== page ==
Loudoun School Board votes against adding LGBTQ protections to employment policy
The vote was 4-5.
Leading up to the meeting, the policy debate had sparked a divide between School Board members, the community, the American Civil Liberties Union and local lawmakers over whether the board had the legal authority and obligation to add protection against harassment and discrimination against LGBTQ employees to its policies.
More than two dozen local lawyers, Loudoun County Public Schools parents, faculty and students voiced support and opposition to the policy change. Some argued the protected characteristics would help students and staff come out of the shadows, while others warned the board about the legal repercussions LCPS could face in doing so.
“My LGBT colleagues deserve these protections,” 10-year LCPS teacher Andrea Weiskopf said. “The ability of Loudoun to keep and hire qualified staff will be impacted if you refuse to show that you value all students and staff.”
Chairman of the Loudoun County Republican Committee Will Estrada asked the board to “punt”on the issue and cautioned them from taking action on an issue still being decided on by the Virginia Supreme Court. The state Supreme Court is considering a case involving Fairfax County School District’s nondiscrimination policy.
“If you wait we’ll have guidance from the courts,” Estrada said. “You can save our money for teachers who have pay raises, for school buses to build our schools and not pay … lawyers.”
The School Board’s dilemma on its equal employment policy follows a similar trend of schools around the country trying to figure out how to accommodate both their LGBTQ students and staff. State legislatures, federal district courts and the government have provided different guidance on policies that could protect them. A policy brought forth by the Obama administration that advises public schools to allow transgender students to use the bathrooms that match their gender identification was mentioned several times Tuesday. The proposal before the Loudoun School Board was not related to bathroom usage.
Ahead of the vote, some School Board members said it was their moral obligation to protect staff who feared for their positions by coming out as LGBTQ. Others agreed with Estrada, saying they needed to punt on the issue in order to avoid legal battles before any higher court ruling.
School Board member Brenda Sheridan (Sterling), who brought forward the amendment to add the protective language to their policy, read letters the board had received for and against the change. Some letters thanked her for proposing the amendment, while others sharply criticized her.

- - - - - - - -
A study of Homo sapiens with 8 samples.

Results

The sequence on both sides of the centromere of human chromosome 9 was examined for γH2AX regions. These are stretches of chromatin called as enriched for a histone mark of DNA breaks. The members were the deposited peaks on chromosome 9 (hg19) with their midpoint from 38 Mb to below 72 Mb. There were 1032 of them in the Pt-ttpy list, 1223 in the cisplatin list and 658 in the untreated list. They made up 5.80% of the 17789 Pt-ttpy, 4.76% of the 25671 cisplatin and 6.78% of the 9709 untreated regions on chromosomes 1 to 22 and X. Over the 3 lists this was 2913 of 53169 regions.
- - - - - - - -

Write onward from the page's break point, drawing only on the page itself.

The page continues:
“School board ultra liberal Brenda Sheridan moved to hijack the public school system to spend millions of tax dollars to promote the transgender sexual practices agenda,” Sheridan said, reading a letter she had received.
“That’s right, I moved to protect a group and a community from what I just read,” Sheridan said after reading the letter. “To be able to go to work and go to school and be part of our community without fear of rejection, harassment and discrimination. I stand by, I see you, I hear you, I speak for you, and I may not have a majority with me tonight, but I will continue to use my voice and my position to stand with you.”
Sheridan also told the board she had spoken to representatives from Virginia Attorney General Mark Herring’s (D) office and had walked away “assured” the state’s constitution provided them with the authority as a School Board to add the language to its policy.
School Board member Eric DeKenipp (Catoctin) argued it was simply not the board’s job to “create protected classes.”
“I think it would be prudent for this board to punt as one speaker put it and delay making any changes to our policy until the Supreme Court decisions are made then we review our policies to ensure that we’re complying with state and federal law,’ DeKenipp said.
New board Chairman Jeff Morse (Dulles) said he agreed with DeKenipp.
“In the several months when the Supreme Court comes down and has a finding in that court case, it’s either going to force us to change the policy or force us to add to the policy,” Morse said. “I’m not willing to change that policy right now while we’re waiting for the state and the Supreme Court to make a decision.”
After Sheridan’s original amendment failed 4-5, with board members Morse, DeKenipp, Debbie Rose (Algonkian), Eric Hornberger (Ashburn) and Jill Turgeon (Blue Ridge) opposed, the board instead agreed in a unanimous vote to add a paragraph proposed by Hornberger stating that they recognized and valued “the diversity of the students and border community it serves and encourages diversity within the workforce.”
Following the School Board’s vote, a group of LCPS teachers who had stayed to hear the board’s decision walked out dismayed.
“I’m disappointed in the School Board for their decision tonight. I felt like they voted the way they did because of a lack of courage,” LCPS teacher Jenny Wolfe told the Times-Mirror after the vote.
Wolfe said the policy would have sent the right message to her fellow LGBTQ teachers and community.
”As it is now … our gay and lesbian colleagues are scared and they don’t have a voice” she added, fighting off tears.